About Me

My photo
I embarked on my tea journey when I studied abroad in China in 2008 and traveled around Taiwan that summer. I'm here to share my experiences and offer my own opinion, advice, and comments on tea.

Saturday, September 20, 2008

Ching Ching Teahouse

So today I paid a visit to a local teashop in the DC area, located a little off of Wisconsin and M, called Ching Ching Teahouse. They're apparently been in business for over 10 years when I talked to the man anger, and they come from Hong Kong.
The store from the outside
In addition to being a teahouse they are also a teastore, carrying an impressive array of goods. They carried yixing teapots, testubin, tokoname, gaiwan, teacups, porcelain teapots, and tea tins. Oh yes, and there was tea. It was a modest selections of various green, oolong, black, tisanes, and flavored teas. It's not as impressive as teashops I've seen in Taiwan, but it beats the supermarket shelf of bagged lipton. I ended up buying a few tea bins, a gaiwan, and a yixing teapot.
The staff seemed pretty knowledgeable about their wares, and since they've been around for a while I expected them to. I was most pleased, however, by the actual teahouse. Instead of serving the tea for you, they provide you with a teapot with the leaves inside, and you do the work yourself! They use a gaiwan for their green teas, and yixing teapots for their oolong and pu'ers. I'm not sure what they use for the rest, because I couldn't see.

Gentleman in the background was drinking a pu'er. Even though we didn't talk I felt a silent camaraderie with him as a fellow tea drinker. Well, the kettle was interesting, because it was a black clay kettle that was kept at a constant boil with a little fire going on inside. Even though this keeps the water piping hot, I'm a little worried by how this might affect the actual brewing process for green teas, which might be bitter after such high temperatures. Nevertheless, I was proud to say "yes" when the waitress asked if I knew how to brew tea this way.

I had a Oriental Beauty, and I was too busy looking around this place and having some mooncake to write tasting notes for it. I was very surprised by the tea's "sweet aroma." I will have to buy some Oriental Beauty later.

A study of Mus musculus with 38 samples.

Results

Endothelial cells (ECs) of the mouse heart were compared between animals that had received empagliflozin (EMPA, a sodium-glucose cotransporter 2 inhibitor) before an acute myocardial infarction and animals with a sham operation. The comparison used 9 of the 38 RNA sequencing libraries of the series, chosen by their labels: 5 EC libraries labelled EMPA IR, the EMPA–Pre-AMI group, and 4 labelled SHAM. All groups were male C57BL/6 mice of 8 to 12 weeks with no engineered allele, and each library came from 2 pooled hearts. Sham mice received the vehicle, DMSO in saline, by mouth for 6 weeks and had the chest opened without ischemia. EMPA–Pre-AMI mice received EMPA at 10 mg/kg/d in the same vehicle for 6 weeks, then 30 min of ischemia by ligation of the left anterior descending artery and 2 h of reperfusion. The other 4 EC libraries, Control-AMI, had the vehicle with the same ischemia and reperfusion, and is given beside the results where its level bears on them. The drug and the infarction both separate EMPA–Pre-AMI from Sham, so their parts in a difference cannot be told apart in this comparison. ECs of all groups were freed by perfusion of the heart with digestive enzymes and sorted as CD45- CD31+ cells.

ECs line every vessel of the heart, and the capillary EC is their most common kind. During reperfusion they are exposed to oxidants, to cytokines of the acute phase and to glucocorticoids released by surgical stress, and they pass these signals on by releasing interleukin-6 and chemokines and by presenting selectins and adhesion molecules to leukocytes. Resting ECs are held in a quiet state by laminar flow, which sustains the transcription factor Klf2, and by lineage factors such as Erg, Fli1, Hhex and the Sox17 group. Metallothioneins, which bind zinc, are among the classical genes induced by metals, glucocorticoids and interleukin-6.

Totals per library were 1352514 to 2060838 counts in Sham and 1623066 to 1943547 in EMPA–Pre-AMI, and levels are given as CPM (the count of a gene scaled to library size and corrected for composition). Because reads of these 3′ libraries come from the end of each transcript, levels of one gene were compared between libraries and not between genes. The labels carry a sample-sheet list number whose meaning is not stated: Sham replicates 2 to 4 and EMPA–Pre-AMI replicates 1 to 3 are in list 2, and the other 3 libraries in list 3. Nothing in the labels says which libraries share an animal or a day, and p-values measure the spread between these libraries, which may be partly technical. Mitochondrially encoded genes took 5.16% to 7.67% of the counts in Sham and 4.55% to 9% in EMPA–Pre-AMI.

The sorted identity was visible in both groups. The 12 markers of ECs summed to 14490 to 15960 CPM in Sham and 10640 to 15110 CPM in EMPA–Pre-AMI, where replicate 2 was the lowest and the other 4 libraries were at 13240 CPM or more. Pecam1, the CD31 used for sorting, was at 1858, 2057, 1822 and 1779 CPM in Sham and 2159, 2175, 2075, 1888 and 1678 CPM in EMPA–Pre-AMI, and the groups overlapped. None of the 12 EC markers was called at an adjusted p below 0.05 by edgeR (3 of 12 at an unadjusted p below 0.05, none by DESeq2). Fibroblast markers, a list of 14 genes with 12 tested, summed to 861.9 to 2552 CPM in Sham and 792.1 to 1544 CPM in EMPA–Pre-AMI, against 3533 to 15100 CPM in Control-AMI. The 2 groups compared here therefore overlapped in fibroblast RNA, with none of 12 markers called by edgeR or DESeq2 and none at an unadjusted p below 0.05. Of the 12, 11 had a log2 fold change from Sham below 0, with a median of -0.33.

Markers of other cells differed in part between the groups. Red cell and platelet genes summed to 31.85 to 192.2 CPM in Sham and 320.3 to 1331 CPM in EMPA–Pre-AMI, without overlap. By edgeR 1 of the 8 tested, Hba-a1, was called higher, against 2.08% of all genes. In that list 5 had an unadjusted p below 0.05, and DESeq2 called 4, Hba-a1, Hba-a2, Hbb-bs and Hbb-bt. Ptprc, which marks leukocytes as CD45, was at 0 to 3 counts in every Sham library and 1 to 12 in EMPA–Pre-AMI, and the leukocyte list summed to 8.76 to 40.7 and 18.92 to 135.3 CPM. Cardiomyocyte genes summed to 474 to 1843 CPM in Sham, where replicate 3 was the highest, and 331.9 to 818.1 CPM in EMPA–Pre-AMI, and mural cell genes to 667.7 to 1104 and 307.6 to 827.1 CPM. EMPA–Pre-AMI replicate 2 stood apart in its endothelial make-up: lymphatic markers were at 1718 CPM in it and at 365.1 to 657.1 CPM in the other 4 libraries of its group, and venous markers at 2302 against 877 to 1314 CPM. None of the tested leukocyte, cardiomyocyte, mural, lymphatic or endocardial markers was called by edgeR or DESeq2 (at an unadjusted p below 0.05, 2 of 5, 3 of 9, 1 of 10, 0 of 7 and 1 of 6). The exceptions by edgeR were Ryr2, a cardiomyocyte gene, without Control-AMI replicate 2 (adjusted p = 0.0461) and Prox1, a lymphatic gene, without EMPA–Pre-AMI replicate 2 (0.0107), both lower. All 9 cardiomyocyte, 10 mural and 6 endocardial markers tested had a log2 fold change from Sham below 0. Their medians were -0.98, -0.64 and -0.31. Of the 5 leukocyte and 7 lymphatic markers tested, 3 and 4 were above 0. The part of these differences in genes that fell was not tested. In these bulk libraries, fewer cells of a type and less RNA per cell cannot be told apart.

The mooncake was delicious, albeit small and expensive (five dollars!)

This is a photo of the teawares they have to offer. The prices seemed to range from relatively cheap to pretty expensive. The cheapest thing I saw was a $20 yixing teapot, and the most expensive was a $200 yixing teapot. I was fascinated by their dazzling array of matcha bowls, which almost inspired me to take up drinking matcha. I will do so, but at a later time when I have the space to collect teaware. They also had a nice selection of various English textbooks on tea, and an odd collection of cute chopsticks for some reason. I was in love with this shop, but one thing did make me cringe though, which as the presence of a mesh tea ball for brewing. Gag me with a spoon!

My new friend

So here is the damage done to my wallet. Included is my fixed yixing teapot on the very left, which I repaired using epoxy from Home Depot. I haven't used it yet but it's holding up well. I bought the other teapot on a whim, so I don't know what I'm going to use it with yet (suggestions people!). But nevertheless, I can't use it because I don't have the equipment to season it properly. So for now it's a ornamental piece.


Salsero said...

Looks like a great outing. You're lucky to have a real teashop nearby. Congratulations on your new acquisitions.

tieguanyin said...

Hey Maitre_Tea,

I was at Ching Ching Cha this past Saturday also (late afternoon)! We may have crossed paths? I also partook in some tea (10 Year Puerh) and a mooncake. This is definitely an interesting spot. Occasionally they have sales on their teaware (dangerous for the wallet!!!). You have a great blog going! Keep up the good work!


Maitre_Tea said...

Wow, what a coincidence. I thought you were the gentleman that sat at the table across from me, because he also had pu'er too, but also I remembered that he had dumplings instead of mooncake. Maybe we could meet up sometime and indulge in their expensive teaware sometime in the future?

Anonymous said...

Im glad you got a chance to try Ching Ching Cha. Ive been going there for the last 9 years. Its the best tea house in Washington DC. Ching is the owner and she knows a lot. If you get a chance to go back - try her 7 Treasures Tea. You cant buy it. She only serves it in house. You will love it. It gets sweeter with each infusion. My favorite!

learn chinese said...

Thank you very much for sharing.
Through your blog, a lot of people including me of course have a chance to read and learn from.
I have read some of your post and I really enjoyed reading it.
And if you want to learn chinese,please visit at
Thanks again and looking forward for more of your posting soon!